How We Share Spectrum
A picture’s worth a thousand words. When we discuss relatively complex subjects such as spectrum sharing this adage is especially true.
It’s common to hear proposals for spectrum allocation divided into two buckets, shared and unshared. Wi-Fi goes into the first one, and 5G goes into the second.
This practice obscures the fact that nobody builds a communication network for any purpose but to share spectrum between multiple users. All wireless networks share spectrum, they just do it in different ways.
The Unlicensed Way
Wi-Fi, Bluetooth, and some satellite systems run on unlicensed spectrum. In the unlicensed model, any device that is certified by the FCC as conforming to rules is allowed to use the spectrum.
While the FCC doesn’t typically specify how unlicensed spectrum is managed, the fact that anyone can access it at any time – no one owns it – means distributed management approaches are more practical than centrally managed ones.
So Wi-Fi most commonly uses a listen-before-talk system where any device is free to jump onto the air whenever it senses silence. When working well, this system functions like a small cocktail party.
Does This Always Work?
When you’re in a large space with a small number of people, this system works well. But we’ve all been to crowded gatherings where the noise level is too high for conversation.
When the room is crowded and music is playing we can’t communicate by speaking, so we dance. This is fun, but the information it conveys tends to be fairly limited.
In the real world, people who live in apartment buildings with a lot of tech-savvy neighbors tend to have problems with Wi-Fi. One of the consequences of the stay-at-home life is a lot of Wi-Fi usage.
So the FCC has to continually allocate ever more unlicensed spectrum in order for Wi-Fi to feel more like a cocktail party than a disco. This process becomes more difficult over time.
Licensed Spectrum is More Efficient
Decentralized, unlicensed, listen-before-talk is fine etiquette for small groups of people, but it doesn’t scale to large groups. Hence, humans us a different protocol in group settings where everyone needs to hear each speaker and speakership needs to rotate to everyone in the room.
In classrooms, lectures, panel discussions, and other public meetings we use moderation. Raising a hand and waiting to be called before speaking makes this kind of interaction possible.
For machines, waiting for a period of silence before speaking means the system will never be more than 50% efficient. When spectrum is scarce, this is an unacceptable penalty so we use scheduling.
In commercial systems the moderator – the ISP who operates the network – has an incentive to make everyone happy, so scheduling works well. It also prevents any one person or device from hogging the network.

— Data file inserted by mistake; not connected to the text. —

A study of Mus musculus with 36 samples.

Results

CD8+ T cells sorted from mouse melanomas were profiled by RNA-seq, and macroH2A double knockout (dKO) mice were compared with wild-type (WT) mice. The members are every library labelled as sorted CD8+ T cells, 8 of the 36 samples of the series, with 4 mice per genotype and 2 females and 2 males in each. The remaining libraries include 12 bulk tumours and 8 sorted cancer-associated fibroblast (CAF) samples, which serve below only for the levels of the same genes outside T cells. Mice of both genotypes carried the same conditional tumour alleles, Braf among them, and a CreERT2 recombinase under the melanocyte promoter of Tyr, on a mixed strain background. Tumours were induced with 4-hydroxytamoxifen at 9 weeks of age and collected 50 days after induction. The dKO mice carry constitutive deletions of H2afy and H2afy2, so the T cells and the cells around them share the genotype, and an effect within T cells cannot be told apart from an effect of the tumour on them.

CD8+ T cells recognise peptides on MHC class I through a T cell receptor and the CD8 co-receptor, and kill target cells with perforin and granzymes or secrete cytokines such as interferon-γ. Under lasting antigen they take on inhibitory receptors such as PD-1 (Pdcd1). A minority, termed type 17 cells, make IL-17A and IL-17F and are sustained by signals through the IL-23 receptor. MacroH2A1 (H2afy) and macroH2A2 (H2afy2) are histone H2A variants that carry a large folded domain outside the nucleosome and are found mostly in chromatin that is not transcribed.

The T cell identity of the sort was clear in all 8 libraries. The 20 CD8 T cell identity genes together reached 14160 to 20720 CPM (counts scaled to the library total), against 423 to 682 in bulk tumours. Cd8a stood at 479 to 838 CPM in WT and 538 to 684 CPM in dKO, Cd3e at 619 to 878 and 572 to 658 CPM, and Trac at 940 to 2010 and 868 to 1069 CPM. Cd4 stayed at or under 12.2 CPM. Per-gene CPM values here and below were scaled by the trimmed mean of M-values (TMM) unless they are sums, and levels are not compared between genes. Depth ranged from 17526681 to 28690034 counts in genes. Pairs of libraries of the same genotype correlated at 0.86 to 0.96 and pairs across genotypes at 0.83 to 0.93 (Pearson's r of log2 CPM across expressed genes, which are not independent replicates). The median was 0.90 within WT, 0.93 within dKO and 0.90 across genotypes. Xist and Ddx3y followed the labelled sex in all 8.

The DoD’s Hybrid Model
The Defense Department has been experimenting with novel spectrum management models since forever, becoming increasingly bold since the 1990s. Its current idea is a kind of dynamic spectrum sharing that’s neither novel nor especially dynamic.
DoD wants to assign all the spectrum held by federal agencies to a custodial firm such as Rivada Networks that would lease some of it out to commercial carriers and keep some for government purposes.
Under this plan, each spectrum band would be shared twice, once between the carriers and each other, and a second time among all the customers of each carrier. The closest real world analogy is cable television, where one operator provides carriage to multiple TV networks, each of which has multiple viewers.
DoD’s contractor holds the remote in this model. This is basically public relations sleight-of-hand, a proposal that the agency hopes to sell to members of Congress by preying on their relative ignorance of wireless engineering. Sharing the same spectrum twice is less operationally efficient than sharing it once in a classroom model.
Spectrum management is most efficient when each band in each geographic area has a single manager and a number of users. It can work quite effectively without a centralized manager in each area when demand is low and available spectrum is high.
Subscription services such as 3GPP mobile phones use the first model and “free” systems like Bluetooth and Wi-Fi use the second model. There is no working third model.
Barring the advent of some new technology that allows you and your neighbors to use the same band at the same time with absolutely no interference, this is all there is. We will have have such a technology someday, but we don’t have it yet.